With a new baby in tow, Zoe and Isao Hida made the decision to move from Sydney back to Zoe’s hometown of Bathurst, in northwest NSW, at the height of the global financial crisis.
They weren’t the only ones to make the switch; between the financial climate being what it was, and the relaxed, family lifestyle that Bathurst allows, Zoe saw that a growing number of people who had grown up in town before going to the big city to launch their careers were also coming back home.
Despite Zoe having worked in communications and PR for a number of government departments in Sydney and Isao having managed large-scale IT projects across the public and private sectors, including the testing of Bank of Tokyo Mitsubishi UFJ’s new banking system in Australia, they couldn’t quite find the right work.
“After a while, we just couldn’t find the right jobs to meet our skillsets or our interests, and there were too many people coming back, so we thought, it’s either move back to Sydney again or create our own business, so we went with that,” she said.
The business they created is AppiWork, a development agency working with startups, government departments, and other businesses to build their apps and systems, while also creating its own internal apps, too.
Their first clients came from personal networks and word of mouth; while they frequently work on remote projects, Zoe said being able to sit down side by side with someone has been crucial in growing in Bathurst.
“At the beginning, our first customers came because people knew us personally and so they trusted us with their projects, and though people find us online, that’s still how the majority of our work comes to us now,” Zoe said.
“Our local customers all know us, have met us, and trust us, and even though we employ developers offshore, when people are developing their dream business, something they’ve been thinking about for two, five or even 10 years, they really want to have a partner they can meet and sit down next to and spend time with.”
While Zoe pointed out that Bathurst is growing fast, it’s population still sits around 40,000 – despite that, it’s “a really entrepreneurial place” and that has helped push both AppiWork and the businesses it works with.
“We’ve got your traditional real estate agents and professional services, but we also have a number of entrepreneurs who have built very successful, multi-national companies who happen to like living here and they’re quite generous in sharing their knowledge and experience with others starting up,” she said.
“There’s a real sense of, we’ve got to support local and we’ve got to support each other to succeed. In terms of starting a business it’s a really great place for it because people want to see you win, and there’s a real sense that we’ve got to look after our own.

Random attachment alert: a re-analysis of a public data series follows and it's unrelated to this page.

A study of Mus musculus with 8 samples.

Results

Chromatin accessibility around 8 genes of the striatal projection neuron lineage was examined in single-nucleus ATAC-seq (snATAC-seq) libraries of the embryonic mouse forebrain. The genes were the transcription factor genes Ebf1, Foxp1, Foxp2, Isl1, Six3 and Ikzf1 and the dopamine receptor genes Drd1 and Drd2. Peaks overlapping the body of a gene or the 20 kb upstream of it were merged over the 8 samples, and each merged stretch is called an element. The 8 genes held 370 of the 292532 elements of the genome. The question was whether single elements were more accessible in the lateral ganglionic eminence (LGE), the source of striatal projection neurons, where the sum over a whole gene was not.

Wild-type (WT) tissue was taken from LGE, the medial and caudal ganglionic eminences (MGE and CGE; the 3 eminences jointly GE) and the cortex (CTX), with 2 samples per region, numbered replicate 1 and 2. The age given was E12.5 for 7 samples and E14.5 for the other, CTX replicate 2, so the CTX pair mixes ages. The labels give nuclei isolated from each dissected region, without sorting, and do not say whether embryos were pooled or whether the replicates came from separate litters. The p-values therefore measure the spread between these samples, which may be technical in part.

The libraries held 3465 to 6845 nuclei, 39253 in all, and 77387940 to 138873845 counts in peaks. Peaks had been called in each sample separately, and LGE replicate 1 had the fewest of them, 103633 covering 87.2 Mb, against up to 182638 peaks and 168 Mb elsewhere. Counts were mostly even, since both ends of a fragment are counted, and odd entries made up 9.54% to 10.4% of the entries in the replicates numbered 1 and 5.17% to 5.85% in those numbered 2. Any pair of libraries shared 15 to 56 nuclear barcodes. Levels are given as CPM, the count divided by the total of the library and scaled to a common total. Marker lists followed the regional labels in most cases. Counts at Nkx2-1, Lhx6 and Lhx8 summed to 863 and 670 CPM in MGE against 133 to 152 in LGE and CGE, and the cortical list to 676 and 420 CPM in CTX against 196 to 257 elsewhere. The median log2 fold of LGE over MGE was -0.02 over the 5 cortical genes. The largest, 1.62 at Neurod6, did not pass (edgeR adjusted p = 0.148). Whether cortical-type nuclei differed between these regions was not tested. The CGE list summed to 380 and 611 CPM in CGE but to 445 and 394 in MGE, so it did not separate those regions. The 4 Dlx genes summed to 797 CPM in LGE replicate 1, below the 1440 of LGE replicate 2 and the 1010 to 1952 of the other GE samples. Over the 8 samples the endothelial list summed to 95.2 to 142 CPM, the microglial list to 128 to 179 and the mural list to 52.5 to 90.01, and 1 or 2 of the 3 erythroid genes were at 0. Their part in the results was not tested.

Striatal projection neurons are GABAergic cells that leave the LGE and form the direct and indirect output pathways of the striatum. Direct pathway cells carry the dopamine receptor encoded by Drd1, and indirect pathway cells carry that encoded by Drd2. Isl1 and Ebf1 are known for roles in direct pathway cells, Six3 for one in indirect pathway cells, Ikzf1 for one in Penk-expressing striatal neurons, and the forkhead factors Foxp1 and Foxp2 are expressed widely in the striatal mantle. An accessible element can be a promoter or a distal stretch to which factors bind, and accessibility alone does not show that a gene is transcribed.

“I think that although there’s many tyrannies of distance in working in a country town, there’s real support that local communities lend to each other, particularly when they want to see someone start and move forward, and giving people a chance when they don’t have a track record yet. We’ve really benefited from that sort of thing.”
As well as local startups and businesses, a key client for AppiWork is the state government. The agency has worked with departments including the NSW Department of Primary Industries and State Records, the NSW Government’s archives and records management authority.
With the number of projects for AppiWork and their scale growing fast, the Hidas made the decision several years ago to hire developers offshore; they now have a full time staff member in Bangladesh and a team in Vietnam.
As business development manager for AppiWork, Zoe said she is “the first port of call” for any project, sitting down to hear each person’s ideas.
“I get to flesh it out with them and find out what they really want to achieve, and then Isao makes it happen…I’m frequently contacted by people with weird and wonderful app ideas; some of them are genius, others are crazy, but meeting people and hearing about their ideas is one of the major highlights,” she said.
The team also regularly travels to conduct site visits, particularly if an app is going to be used by staff in a workplace.
“We’ve been everywhere from the State Records bunker, which is like something out of a Get Smart episode, to factories and industrial areas in Western Sydney, we’ve been in sheds on farms, you name it.”
One of the projects Zoe is most passionate about is internal project WabiSabi, cofounded with Owen Palmer. The platform looks to help ensure that all a person’s friends and loved ones are informed when they pass away.
“Death is a really topical area for disruption at the moment, there’s a lot of unhappiness around the funeral industry and how much they charged and people know so little about their options,” Zoe explained.
“This app will help people in a very difficult time to do something quite emotionally challenging, which is try to figure out everyone who should be informed, and then actually tell them.”
Image: Isao and Zoe Hida. Source: Supplied.